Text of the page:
Well, if the infatuation (see contest for AL MVP) with the sabermetric ‘Wins Above Replacement’ (WAR) remains consistent, Justin Verlander should be the 2012 American League Cy Young Award Winner. Among other things, Verlander is tops in the American League with a WAR of 7.5. Tampa Bay Rays’ ace David Price is a close second with 6.4. Last season when Verlander won the award, he lead all Major League starters in that department.
But for the more traditional baseball enthusiasts, Verlander is tops in a few other notable categories as well.
Verlander is the definition of a workhorse; three of the last four seasons, he has lead Major League Baseball in innings pitched. In 2012, he ranks first for complete games; totaling six on the season. On July 31st, in a rained- shortened game against the Boston Red Sox, he saw his streak of consecutive starts of at least six innings pitched end at 63 games. Good for the third longest streak all-time. When you hand the ball to Verlander, he goes deep into games. That is the kind of value you can’t put into dollars and cents for a club.
Being a prototypical high- velocity strikeout pitcher, Verlander lead the MLB with 239 whiffed batters. What is inevitably the case when racking up strike outs, is pitch counts will tend to run high in games. In all but one of his 33 starts this season, he eclipsed the century mark in pitches. Remarkably against the Kansas City Royals, he threw 100 mph on his 131st pitch. Some pitchers couldn’t throw that many pitches in a game, while others can’t even break the 100 mph mark. To do both? That’s crazy. Even New York Yankees’ C.C. Sabathia was impressed and stated:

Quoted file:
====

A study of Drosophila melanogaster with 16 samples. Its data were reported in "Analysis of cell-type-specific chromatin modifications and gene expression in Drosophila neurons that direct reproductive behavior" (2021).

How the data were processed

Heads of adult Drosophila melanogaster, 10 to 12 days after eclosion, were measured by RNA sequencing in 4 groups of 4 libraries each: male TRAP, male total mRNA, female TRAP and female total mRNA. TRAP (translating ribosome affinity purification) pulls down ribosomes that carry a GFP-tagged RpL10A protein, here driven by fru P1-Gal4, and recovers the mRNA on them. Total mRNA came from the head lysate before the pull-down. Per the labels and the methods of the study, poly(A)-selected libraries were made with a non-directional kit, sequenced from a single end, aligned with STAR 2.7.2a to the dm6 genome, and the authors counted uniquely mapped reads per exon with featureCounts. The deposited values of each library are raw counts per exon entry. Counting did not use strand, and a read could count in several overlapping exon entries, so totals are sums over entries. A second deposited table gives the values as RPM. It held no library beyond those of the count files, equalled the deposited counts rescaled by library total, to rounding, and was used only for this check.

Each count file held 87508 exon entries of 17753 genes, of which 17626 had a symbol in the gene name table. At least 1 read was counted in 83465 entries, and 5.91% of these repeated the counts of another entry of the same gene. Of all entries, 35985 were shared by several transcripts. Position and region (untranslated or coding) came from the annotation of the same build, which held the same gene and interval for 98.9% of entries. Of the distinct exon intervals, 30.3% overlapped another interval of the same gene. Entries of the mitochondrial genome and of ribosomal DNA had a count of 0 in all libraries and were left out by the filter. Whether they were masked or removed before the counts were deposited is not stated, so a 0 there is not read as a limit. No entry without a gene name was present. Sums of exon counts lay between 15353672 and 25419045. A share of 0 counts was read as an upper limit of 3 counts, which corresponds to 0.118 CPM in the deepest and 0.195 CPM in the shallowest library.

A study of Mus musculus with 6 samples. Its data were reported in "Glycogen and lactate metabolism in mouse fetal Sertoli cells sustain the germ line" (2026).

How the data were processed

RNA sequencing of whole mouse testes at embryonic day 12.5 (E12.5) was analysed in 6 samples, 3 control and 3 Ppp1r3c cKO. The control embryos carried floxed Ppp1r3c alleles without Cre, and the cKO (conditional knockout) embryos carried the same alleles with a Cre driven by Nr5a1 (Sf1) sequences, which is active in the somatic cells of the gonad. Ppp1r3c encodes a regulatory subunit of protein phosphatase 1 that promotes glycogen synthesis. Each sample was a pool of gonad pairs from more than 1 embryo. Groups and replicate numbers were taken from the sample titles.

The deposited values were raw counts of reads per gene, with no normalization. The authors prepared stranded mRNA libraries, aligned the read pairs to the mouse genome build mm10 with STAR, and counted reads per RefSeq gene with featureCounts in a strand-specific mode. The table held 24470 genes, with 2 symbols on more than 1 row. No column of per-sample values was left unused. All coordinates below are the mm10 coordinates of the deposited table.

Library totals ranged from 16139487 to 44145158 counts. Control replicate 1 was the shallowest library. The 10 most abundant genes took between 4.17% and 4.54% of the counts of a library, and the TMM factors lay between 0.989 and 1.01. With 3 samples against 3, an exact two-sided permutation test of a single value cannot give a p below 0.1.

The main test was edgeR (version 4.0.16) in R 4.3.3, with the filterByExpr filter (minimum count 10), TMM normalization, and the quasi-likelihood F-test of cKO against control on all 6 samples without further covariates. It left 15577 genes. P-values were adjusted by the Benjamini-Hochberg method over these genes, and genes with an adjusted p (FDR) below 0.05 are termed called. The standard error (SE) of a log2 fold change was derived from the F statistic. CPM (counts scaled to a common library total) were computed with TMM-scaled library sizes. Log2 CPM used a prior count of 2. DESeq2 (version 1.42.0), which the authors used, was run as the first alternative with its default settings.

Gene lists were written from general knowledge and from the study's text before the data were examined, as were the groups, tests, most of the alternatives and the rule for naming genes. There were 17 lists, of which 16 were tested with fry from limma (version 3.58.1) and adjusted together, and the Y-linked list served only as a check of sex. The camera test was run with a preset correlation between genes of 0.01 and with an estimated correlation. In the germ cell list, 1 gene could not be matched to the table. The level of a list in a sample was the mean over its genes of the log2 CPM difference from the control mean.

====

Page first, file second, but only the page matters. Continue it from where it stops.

“Obviously, you work hard in between starts so you have the stamina- so you can pitch late into the game and not lose velocity. But, I don’t think you teach anybody how to do that, You’ve got to work at it to be able to keep the stamina, but you’ve got to be blessed and God-given to be able do that. He continued, “I want to be steady and even and to be able to have a little extra late. Justin starts off 90, 91 and builds up to 100. That would be hard for me to do and keep my delivery.”
With 17 wins in 2012, he fell short of the 20-game mark set by Price and the Los Angeles Angels’ Jered Weaver. The unfortunate thing about the ‘win’ statistic is too much of it is decided on other factors beyond the capability of the pitcher. I’m not a fan of it. Whether it’s an error by a fielder or just a total lack of run support, a pitcher- at times- has almost no control on the final outcome of the game.
The Tigers ranked in the bottom five of the American League for average run support per start (3.82), for Verlander. Alternatively, Weaver benefited from ranking second with almost another 2 runs per start (5.80). If the runs batted in (RBI) statistic is overrated, then the ‘W’ stat is too; considering he and Price were tied with 25 quality starts.
All in all, Weaver, Price, and Verlander appear to be the top front runners in a thick AL Cy Young race; cases can be made for each of them. The new school sabermetric crowd appreciate the multi- dimensionality of Verlander’s game. The old guard traditionalists gotta’ love what JV brings to the Tigers for the duration of a game.
Whether or not Verlander brings home the hardware for a second year in a row, when you’re dating a Sports Illustrated swimsuit model, you’re always a winner.